What is quality of care?

The World Health Organization defines quality of care as ‘The extent to which health care services provided to individuals and patient populations improve desired health outcomes’. 
In order to achieve this, health care needs to be safe, effective, timely, efficient, equitable, and people-centred. Quality of care is a key component of the right to health, and the route to equity and dignity for women and children.

Why focus on quality of care?

Globally, the rate of skilled care during childbirth has increased from 58% in 1990 to 73% in 2013, mostly due to increases in facility-based births. But giving birth in a health facility with a ‘skilled’ attendant is not sufficient to reduce maternal and newborn deaths and severe morbidity. Many women and their babies die from poor care practices, even after reaching a health facility. Health facilities often struggle to provide the rapid emergency care needed to manage maternal complications and care for small and sick newborns. Common causes include inadequate or unhygienic infrastructure; lack of competent, motivated staff; lack of availability or poor quality of medicines; poor compliance to evidence-based clinical interventions and practices;  and poor documentation and use of information. Improving quality of care and patient safety are therefore critical if we want to accelerate reductions in maternal and newborn mortality.

Why focus only on mothers and newborns?

While the Network in the first phase focuses its’ efforts on mothers and newborn, it will quickly expand to include child health and will  gradually cover the full continuum of care.

What are the consequences of poor quality care?

Mothers and newborns continue to die from preventable causes, such as blood loss, high blood pressure, obstructed labour, complications of pre-term birth, asphyxia and infection, even when they are in the care of health services. Poor quality care also increases the risk of illness and life-long disability. Mothers may suffer from pelvic infections, fistula, uterine prolapse, fatigue and depression. Babies may be infected, or suffer asphyxia or trauma during labour, leading to neurodevelopmental impairments and disabilities. Being born too soon presents a hugely increased risk of death and complications in settings where nursing care for sick babies is weak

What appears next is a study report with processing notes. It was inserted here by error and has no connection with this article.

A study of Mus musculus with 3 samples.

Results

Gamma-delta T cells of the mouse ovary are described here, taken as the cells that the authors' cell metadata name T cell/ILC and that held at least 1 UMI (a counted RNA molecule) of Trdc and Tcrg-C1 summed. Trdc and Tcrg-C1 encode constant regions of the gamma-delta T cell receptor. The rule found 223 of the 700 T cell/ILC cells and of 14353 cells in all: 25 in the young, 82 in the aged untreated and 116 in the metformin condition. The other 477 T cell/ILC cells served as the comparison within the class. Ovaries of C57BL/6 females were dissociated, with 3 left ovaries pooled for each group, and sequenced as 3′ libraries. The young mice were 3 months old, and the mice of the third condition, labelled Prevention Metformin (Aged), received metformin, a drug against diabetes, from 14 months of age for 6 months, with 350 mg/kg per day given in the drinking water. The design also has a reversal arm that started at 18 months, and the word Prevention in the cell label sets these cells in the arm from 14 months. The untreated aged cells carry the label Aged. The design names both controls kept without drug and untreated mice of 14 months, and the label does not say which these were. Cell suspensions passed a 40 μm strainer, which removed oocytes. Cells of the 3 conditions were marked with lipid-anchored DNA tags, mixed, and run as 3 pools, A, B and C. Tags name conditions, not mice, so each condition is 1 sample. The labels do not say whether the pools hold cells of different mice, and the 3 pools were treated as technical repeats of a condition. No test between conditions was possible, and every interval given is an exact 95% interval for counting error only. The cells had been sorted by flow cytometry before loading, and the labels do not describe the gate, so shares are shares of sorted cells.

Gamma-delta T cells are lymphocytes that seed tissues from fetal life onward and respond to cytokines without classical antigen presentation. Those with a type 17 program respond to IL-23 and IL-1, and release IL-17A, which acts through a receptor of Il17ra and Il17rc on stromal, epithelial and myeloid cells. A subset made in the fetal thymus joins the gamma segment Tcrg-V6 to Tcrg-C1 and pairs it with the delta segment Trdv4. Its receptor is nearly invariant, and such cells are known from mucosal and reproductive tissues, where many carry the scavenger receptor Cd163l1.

What will the Network do?

  • Focus on national leadership by building and strengthening national and districts institutions and mechanisms for improving quality of care in the health sector
  • Accelerate action through well-coordinated and harmonized efforts to improve quality of care using evidence-based standards and implementation interventions
  • Foster learning and generate evidence on quality of care through a Learning Platform -  a community of health practitioners from around the world co-developing and sharing knowledge, country data and research
  • Develop and support institutions and mechanisms for accountability for quality of care

What impact will the Quality of Care Network have?

If the Quality of Care Network is successful, millions of women and their newborns who endure unnecessary and preventable risks in childbirth will benefit from better care; health workers who face enormous challenges in resource-poor settings will have access to quality of care improvement solutions that are adapted to their context; nations which see investment in healthy women and children as the bedrock of economic and social development will implement their maternal, newborn and children health strategies more efficiently; and global development partners will see rapid progress towards the Sustainable Development Goals and the targets of the  Global Strategy for Women’s, Children’s, and Adolescents’ Health (2016 – 2030),  supported by partners aligned under the Every Woman Every Child initiative.